NFL Team Loyalty Ranks a Little Off


Dec 23, 2012; Arlington, TX, USA; Dallas Cowboys fans holds a sign prior to the game against the New Orleans Saints at Cowboys Stadium. Mandatory Credit: Matthew Emmons-USA TODAY Sports

I’m sure everyone has read the poll virally making its way across the internet.  It shows the most “loyal and supportive” fanbases for each team.  It’s calculated, basically, on a combination of win/loss record, area population, median income and so on and so on to find which fans always show up.  What they got was a list teams that ranked in order from most loyal to least loyal.  It looks like this:

I’ll start by saying that I am not one to deny statistics.  I am a science student and I love facts and evidence.  But it is easy to get mixed up in what observational data actually says.  The Dallas Cowboys are ranked number one.  This basically means that the Cowboys home games are almost always sold out and at the same time, costs a butt-load.  The stands are always full no matter how horrible, how putrid, how ridiculous, and how much Tony Romo is your quarterback.  You can go to the Arctic Circle in Alaska and find a Cowboys fan.  Does that mean they are the most loyal?

NO! Of course not, it just means that they have mass appeal.  It means that they were branded unfairly “America’s Team” and every country boy, red blooded American that loves flags, BBQ, and Beer loves the Cowboys.  It means that there is so little to do in Dallas and the surrounding Texas area that fans would rather go to a game where the boys might win for  way more money than anyone should ever have to pay for a four hour event and way more than anyone should have to pay for a cup of beer and a hotdog.  I don’t consider that supportive, I consider that blind.  Very few people will rival my loyalty to the Falcons, but I’m not going to spend good money on a game that they have very little chance to win when I can stay at home and at least burry my head into a basket of wings. Too harsh?  Maybe, but I don’t care.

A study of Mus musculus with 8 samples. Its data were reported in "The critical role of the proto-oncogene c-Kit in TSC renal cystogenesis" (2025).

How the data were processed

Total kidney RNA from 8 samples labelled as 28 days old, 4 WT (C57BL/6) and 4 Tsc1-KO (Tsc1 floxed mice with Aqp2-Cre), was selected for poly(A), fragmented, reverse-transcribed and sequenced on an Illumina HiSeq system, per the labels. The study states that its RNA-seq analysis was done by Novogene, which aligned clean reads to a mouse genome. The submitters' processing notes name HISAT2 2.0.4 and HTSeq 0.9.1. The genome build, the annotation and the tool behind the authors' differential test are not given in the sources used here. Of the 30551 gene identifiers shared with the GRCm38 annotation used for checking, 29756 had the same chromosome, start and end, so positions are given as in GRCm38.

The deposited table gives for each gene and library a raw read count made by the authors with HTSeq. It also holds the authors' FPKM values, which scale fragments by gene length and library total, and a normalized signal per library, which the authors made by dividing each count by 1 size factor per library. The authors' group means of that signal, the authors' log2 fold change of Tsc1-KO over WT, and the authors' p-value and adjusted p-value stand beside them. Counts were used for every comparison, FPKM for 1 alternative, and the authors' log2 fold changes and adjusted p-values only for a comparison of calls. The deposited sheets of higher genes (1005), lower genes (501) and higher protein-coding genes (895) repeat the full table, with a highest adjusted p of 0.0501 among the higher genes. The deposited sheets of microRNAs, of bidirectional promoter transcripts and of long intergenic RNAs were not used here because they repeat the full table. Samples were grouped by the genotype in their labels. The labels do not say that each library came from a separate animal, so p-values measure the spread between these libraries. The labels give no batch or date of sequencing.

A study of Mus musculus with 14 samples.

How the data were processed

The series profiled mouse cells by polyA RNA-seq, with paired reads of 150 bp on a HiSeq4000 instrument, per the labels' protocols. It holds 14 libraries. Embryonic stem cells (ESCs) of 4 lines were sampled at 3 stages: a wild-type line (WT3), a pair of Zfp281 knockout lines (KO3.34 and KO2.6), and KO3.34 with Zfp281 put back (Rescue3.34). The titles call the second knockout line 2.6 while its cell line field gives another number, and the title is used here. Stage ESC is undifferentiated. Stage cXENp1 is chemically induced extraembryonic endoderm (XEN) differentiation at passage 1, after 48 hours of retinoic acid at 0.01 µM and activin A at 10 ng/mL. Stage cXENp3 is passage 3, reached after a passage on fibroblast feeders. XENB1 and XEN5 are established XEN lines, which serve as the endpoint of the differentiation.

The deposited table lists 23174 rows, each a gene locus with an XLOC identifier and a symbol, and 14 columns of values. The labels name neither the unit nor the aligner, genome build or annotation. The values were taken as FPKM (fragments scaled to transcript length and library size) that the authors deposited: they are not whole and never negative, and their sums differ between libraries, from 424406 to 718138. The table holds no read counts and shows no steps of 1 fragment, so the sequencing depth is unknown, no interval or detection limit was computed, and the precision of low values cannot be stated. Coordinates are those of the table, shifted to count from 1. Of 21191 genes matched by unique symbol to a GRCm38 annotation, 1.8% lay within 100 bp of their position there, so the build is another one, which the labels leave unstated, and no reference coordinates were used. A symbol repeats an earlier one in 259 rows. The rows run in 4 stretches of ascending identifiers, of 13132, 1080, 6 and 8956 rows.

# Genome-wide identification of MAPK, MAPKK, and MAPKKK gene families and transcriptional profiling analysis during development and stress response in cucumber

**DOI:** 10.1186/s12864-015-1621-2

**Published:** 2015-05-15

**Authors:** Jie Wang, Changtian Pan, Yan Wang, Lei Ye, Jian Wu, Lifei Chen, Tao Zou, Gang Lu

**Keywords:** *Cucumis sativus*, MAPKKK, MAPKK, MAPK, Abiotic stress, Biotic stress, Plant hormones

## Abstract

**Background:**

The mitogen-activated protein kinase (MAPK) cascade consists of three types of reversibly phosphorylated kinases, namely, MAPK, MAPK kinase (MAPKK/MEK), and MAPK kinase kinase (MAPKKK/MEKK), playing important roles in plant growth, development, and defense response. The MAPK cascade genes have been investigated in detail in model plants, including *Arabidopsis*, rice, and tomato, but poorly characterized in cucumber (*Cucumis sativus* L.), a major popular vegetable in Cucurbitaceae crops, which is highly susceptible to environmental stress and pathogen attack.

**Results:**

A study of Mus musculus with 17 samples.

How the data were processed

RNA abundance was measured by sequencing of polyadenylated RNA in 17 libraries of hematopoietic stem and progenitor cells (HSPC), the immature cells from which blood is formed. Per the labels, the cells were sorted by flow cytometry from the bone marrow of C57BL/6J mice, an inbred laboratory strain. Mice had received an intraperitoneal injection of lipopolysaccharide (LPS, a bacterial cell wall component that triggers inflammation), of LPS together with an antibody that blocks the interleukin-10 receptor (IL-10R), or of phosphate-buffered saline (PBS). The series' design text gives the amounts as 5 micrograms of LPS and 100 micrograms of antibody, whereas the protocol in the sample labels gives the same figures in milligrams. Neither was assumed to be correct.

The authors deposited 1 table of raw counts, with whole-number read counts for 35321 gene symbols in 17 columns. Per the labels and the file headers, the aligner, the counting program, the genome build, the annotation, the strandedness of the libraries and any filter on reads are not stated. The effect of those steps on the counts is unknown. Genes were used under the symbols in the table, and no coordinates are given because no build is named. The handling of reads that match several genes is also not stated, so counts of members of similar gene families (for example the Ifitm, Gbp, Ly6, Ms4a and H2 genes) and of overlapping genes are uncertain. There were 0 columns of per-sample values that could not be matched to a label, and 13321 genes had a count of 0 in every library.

I’m not going to claim that the Falcons fans are more loyal than Giants fans or even Cowboys fans, but they aren’t 31 out of 32.  If the difference between how many tickets were sold for the upcoming 2013 games and how many tickets were sold in 2007 (for example) is what drove down the rank of Atlanta, the biggest hole in the study is how high Jacksonville is ranked.  They couldn’t sell out a game when they were good! (When was that?)They are at a constant amount of dismal ticket sales.  They have to build America’s largest jumbotron and play other games on it just to get fans to come to the games! If the Jaguars consistency sales are what keep them at 27, there is a problem with the means of collecting data.  My god, I went to Disney in Orlando and didn’t see a single Jaguars hat or shirt before I saw Texans, Vikings, and Browns apparel.

Probably the most apparent sign that this study doesn’t show the “Loyalty” of fan bases is where the Green Bay Packers are ranked.  At 14, the Packers should be right near the top.  The waiting list for season tickets in Green Bay is over 1,000 years.  The amount of loyalty and fandom in Green Bay is too hard to describe in words other than everyone in Wisconsin loves their packers like the first time you ever fell in love at all times no matter what.

Please tell me I’m not the only one that doesn’t find this study very amusing.